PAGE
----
Given the multitude of problems facing the United States, it’s appalling to see prominent members of Congress focusing on the U.S. Export-Import Bank as a target of opportunity. Why has a useful government agency that works exactly as intended suddenly become a political football?
Relatively few Americans have heard of the Ex-Im Bank, or its purpose, but ever since its creation under Franklin Roosevelt the agency has been a critical force behind the success of American businesses competing in overseas markets.
Its role is twofold. It provides export credit insurance so that U.S. companies selling made-in-America goods abroad have protection against the risks of doing business overseas. And it provides financing for foreign buyers purchasing American-made goods. For obvious reasons, this is not a role that private banks are eager to play. The risks are deemed too great for a private institution, whereas a government agency has the clout and the means to act overseas.
Its services are not free. The agency charges fees and interest, like any other bank — and regularly produces an annual profit. Last year, it helped reduce the U.S. deficit by $1 billion.
That, at best, is a weak argument. Yes, major American businesses get help from the U.S. government, but their foreign competitors get help from their own countries. Governments, from Russia to China to European countries, actively support domestic business interests in the same fashion, often with greater financing than the U.S. government offers.
Nor is the bank limited to dealing with the biggest businesses, as critics charge. According to bank figures, 90 percent of its transactions benefit small businesses.
Then, too, there is the argument that the Ex-Im Bank does not so much create jobs as help to allocate them, that it chooses “winners and losers” in deciding where to lend assistance.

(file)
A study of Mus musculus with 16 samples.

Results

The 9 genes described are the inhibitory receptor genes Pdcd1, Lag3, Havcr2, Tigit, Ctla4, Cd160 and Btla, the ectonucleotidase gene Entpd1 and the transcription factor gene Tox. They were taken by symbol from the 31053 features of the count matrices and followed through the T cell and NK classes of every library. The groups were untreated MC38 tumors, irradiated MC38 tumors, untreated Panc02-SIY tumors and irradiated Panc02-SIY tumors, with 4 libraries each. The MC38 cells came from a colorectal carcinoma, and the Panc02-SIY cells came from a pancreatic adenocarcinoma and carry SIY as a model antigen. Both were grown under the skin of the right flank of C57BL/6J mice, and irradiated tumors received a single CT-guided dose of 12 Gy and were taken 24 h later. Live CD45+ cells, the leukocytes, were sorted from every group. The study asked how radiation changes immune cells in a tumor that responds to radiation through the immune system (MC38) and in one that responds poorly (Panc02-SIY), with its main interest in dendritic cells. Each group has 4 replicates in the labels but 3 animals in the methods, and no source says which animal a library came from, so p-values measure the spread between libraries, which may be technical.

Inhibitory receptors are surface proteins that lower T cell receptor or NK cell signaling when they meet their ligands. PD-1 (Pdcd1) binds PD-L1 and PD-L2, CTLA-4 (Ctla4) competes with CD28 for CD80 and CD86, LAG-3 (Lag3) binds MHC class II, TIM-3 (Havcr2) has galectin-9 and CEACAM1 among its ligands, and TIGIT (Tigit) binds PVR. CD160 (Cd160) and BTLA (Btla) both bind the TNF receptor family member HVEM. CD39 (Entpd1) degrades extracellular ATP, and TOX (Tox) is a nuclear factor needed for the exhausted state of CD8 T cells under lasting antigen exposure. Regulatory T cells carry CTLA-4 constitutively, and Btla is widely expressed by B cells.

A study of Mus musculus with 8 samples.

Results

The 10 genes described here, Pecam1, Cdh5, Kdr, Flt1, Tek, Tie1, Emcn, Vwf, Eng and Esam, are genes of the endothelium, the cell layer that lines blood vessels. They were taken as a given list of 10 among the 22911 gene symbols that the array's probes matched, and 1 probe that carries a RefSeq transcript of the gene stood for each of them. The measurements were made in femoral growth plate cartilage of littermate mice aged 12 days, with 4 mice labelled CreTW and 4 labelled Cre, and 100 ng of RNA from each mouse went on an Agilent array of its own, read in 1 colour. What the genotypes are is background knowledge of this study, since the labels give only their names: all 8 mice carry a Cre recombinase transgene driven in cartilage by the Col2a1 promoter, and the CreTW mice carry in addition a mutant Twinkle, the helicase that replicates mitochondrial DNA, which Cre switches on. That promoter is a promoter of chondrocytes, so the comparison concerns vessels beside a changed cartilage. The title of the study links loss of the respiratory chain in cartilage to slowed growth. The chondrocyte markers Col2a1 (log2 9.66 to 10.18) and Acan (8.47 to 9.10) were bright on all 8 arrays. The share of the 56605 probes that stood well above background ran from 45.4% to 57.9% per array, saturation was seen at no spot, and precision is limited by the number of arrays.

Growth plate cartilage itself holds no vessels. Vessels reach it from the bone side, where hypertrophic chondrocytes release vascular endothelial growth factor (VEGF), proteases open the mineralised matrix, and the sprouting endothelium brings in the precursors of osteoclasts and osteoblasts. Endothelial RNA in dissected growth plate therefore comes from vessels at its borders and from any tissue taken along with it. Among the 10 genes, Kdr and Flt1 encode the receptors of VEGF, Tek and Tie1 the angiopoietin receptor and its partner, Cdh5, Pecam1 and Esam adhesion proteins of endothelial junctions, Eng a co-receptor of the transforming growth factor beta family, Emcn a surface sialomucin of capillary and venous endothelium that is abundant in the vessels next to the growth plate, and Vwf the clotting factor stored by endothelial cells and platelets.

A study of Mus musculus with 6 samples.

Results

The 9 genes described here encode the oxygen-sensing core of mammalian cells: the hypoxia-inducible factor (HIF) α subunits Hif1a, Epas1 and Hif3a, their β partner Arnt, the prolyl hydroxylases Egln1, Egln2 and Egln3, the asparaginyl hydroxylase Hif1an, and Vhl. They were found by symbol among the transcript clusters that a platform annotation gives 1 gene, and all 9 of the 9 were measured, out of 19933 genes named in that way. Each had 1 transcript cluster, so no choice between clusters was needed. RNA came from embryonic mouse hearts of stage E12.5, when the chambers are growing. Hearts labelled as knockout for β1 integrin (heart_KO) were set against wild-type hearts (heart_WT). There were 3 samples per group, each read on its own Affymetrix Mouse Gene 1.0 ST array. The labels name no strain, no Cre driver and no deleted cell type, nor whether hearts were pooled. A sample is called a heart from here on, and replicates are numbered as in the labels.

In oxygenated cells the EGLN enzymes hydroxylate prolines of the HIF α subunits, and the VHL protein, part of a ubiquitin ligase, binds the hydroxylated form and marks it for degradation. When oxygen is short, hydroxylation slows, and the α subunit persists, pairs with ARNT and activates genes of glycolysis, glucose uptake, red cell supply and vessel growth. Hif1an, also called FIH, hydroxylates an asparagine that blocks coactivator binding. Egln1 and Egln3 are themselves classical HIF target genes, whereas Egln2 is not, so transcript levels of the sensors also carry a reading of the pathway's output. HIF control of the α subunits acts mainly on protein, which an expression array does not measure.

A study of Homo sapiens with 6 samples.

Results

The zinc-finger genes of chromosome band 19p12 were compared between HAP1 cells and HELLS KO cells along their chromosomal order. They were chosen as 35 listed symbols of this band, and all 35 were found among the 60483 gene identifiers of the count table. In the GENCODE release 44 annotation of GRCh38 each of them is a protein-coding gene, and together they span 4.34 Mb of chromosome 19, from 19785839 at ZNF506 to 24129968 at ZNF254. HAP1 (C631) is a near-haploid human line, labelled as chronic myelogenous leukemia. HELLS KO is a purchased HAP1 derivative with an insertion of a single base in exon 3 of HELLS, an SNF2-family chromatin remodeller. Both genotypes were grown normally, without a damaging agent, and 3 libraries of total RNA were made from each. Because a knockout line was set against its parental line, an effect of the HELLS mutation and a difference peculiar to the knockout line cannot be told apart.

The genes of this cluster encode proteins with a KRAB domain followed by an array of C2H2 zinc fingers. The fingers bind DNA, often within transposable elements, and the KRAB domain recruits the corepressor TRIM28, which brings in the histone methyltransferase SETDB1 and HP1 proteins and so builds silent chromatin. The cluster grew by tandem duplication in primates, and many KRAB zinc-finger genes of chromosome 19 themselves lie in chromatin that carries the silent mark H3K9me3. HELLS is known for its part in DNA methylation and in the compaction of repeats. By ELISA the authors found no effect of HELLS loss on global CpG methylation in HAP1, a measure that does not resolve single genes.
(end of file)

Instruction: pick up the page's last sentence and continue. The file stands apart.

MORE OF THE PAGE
Tell that to the more than 200,000-plus American workers who owed their jobs to bank-supported exports in the last fiscal year — many of them in Florida. This state is home to 58,000 exporters, according to the Ex-Im Bank, the second-highest number in the country.
The bank backed an estimated $37.4 billion in U.S. export sales in fiscal 2013 — including $7 billion in Florida. According to figures provided by U.S. Rep. Joe Garcia, D-Miami, that includes more than $1.5 billion in South Florida, where international trade plays a vital role in the economy. How many of these jobs would vanish if the Ex-Im Bank were not around?
In short, the bank promotes American business, protects jobs, enables U.S.-made goods to compete overseas — and makes a profit for taxpayers in the process. Congress has a problem with that?
The agency’s charter expires on Sept. 30. Destroying the Ex-Im Bank would amount to a form of unilateral disarmament in the contest over international trade. Surely lawmakers can stop their incessant feuding and ideological warfare long enough to renew its authority to stay in business before any American jobs are lost.